Why engaging the private sector is critical to cleaning up Arctic Ocean plastic pollution

An Arctic Plastic Partnership could highlight the business advantage to solving the region’s marine plastic crisis.


When I traveled to Svalbard, it was easy to imagine that I was in a pristine Arctic wilderness, far from anything human-made. The archipelago’s Barents Sea shores are hundreds of kilometers from the nearest mainland civilization. I could see a polar bear in the distance.

But then, I was shocked by the sight of waste that was piling up. It was mostly plastic, and it triggered alarm bells in my mind. During my time doing marine research in the Arctic Circle, I learned that the Arctic Ocean performs as a sink to marine litter from all over the world. Studies over the past decade have shown high concentrations of marine litter especially plastics in the Arctic region, posing an environmental danger to the biodiversity of the Arctic. Stronger public-private partnerships can serve as important vehicles to clean up Arctic waters, where businesses need to be fully integrated to address the plastic challenge. I propose an Arctic Plastic Partnership that offers a new approach, with the potential of leading to purposeful actions to combat plastic pollution and would hopefully be instrumental in ushering a new era of a plastic-reduced economy

Globally, climate change adaptation and mitigation have been mostly associated with the role of governments in implementing such policies. However, there is a need for the private sector to step in as a supplier of innovative goods and services in this space. The private sector — through design, developing innovative products and technologies, and promoting consumerism — could allow for unique contributions to meet climate change priorities. One area that the private sector could swiftly contribute to is clean oceans. According to the World Economic Forum, the United States, Europe and Asia together make up 85 percent of plastics production. Europe and the United States are not only home to substantial shares of plastic packaging production but also to the majority of global companies in the industry, including key decision-makers who determine the design of these packaging. To date, no specific initiatives on mobilizing the private sector have a special lens and focus on the Arctic and tackling plastic pollution in its waters.

Recently, the Arctic Council has taken steps to foster a pan-Arctic strategy to combat plastic pollution, however this remains restricted to the eight Arctic governments. Mobilizing the private sector — as done in South and Southeast Asia to “combat plastic pollution in oceans throughout the Indo-Pacific region” — can positively influence the redefinition of plastics and lead to plastic reduction, if not its elimination in the Arctic Ocean. The mechanism targeting countries with the largest sources of plastic pollution in the sea, The Philippines, Indonesia, Sri Lanka and Vietnam, aims at creating new business opportunities and empowering women entrepreneurs while working with local partners to prevent waste from finding its way to the ocean. Therefore, I propose the Arctic Plastic Partnership, a virtual technology platform, like a ‘marketplace’ for innovation challenges. Think of an Arctic version of XPRIZE or Innocentive, where industry presents innovation challenges, and startups and experts propose ideas that lead to novel solutions. Together, diverse stakeholders can redesign the Arctic’s economy to move away from its current linear ‘take-make-dispose’ economy to a circular ‘make-use-recycle’ economy.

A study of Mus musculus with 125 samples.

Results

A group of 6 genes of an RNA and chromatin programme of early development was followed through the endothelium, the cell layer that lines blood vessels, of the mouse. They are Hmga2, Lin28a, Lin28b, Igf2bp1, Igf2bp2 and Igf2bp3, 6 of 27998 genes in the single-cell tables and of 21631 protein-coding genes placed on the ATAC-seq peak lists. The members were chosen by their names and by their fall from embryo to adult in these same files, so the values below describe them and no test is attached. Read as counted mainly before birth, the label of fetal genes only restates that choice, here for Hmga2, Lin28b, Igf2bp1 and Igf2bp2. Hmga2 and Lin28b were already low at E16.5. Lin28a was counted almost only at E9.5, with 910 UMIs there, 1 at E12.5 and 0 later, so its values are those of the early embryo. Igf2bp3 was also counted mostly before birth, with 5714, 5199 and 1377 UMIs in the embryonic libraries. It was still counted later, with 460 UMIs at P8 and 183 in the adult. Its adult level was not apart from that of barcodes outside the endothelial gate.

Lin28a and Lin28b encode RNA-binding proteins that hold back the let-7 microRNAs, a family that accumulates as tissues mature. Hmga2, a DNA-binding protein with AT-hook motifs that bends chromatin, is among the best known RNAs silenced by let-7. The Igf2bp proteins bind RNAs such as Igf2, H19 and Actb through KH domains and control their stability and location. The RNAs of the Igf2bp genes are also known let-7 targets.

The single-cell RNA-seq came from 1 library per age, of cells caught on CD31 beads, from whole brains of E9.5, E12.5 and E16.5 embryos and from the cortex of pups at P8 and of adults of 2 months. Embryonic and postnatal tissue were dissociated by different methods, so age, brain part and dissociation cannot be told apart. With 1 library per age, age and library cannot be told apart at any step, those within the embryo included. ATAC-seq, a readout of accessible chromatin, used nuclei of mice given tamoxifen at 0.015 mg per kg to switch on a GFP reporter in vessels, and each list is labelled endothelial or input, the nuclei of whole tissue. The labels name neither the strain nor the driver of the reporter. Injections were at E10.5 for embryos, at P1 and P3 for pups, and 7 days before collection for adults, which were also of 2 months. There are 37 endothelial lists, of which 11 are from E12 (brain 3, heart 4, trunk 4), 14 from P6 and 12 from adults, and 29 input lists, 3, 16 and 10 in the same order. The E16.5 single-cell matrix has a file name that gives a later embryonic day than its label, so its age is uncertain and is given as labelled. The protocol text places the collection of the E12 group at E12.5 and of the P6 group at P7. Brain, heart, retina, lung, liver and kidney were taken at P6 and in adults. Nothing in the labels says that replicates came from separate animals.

By offering full access to subject matter experts in niche areas pertaining to plastic pollution, and to stakeholders engaged in shaping circular economy products, in addition to shared ownership of innovations endorsed, businesses will be incentivized to partake in the opportunity this partnership presents.  In addition to all the wonderful features of APP mentioned, it can generate its own revenue too! APP programming will address an industry challenge per year, where each year a specific industry is targeted. Companies will fund innovations by launching challenges to solve specific problems, where the proposed innovation acquires funding, and companies receive research and development support. Given fisheries’ importance in the Arctic, APP can start by addressing fisheries-specific plastic challenges for Year 1 and partner with the fishing industry and related donors from Arctic and observer states. An example would be a challenge addressing sustainable fishing gear or gear-related technologies to reduce ghost fishing and plastic pollution caused by Arctic fishing industries.

Plastic pollution poses a unique risk in the Arctic because its ecosystems are interconnected with the region’s food, culture, and commercial activities. Catalyzing collaboration through an efficient public-private research and development partnership is a necessity. With Reykjavik prepared to host the ‘International Symposium on Plastics in the Arctic and Sub-Arctic Region’ forum next spring, there are clear intentions to encourage dialogue on ways to reduce impact of plastics in the Arctic marine environment. The time to solve the Arctic’s plastic challenges and foster circular economy principles is now.

Rumaitha Al Busaidi is an award winning Omani marine scientist, avid polar explorer and an executive director at the Environment Society of Oman.

This piece is one of a series of op-eds written by the student-scholars of the Arctic Innovators Program at the Harvard Kennedy School’s Arctic Initiative. You can read the full series on this site.

The views expressed here are the writer’s and are not necessarily endorsed by the Arctic Initiative or ArcticToday, which welcomes a broad range of viewpoints. To submit a piece for consideration, email commentary (at) arctictoday.com.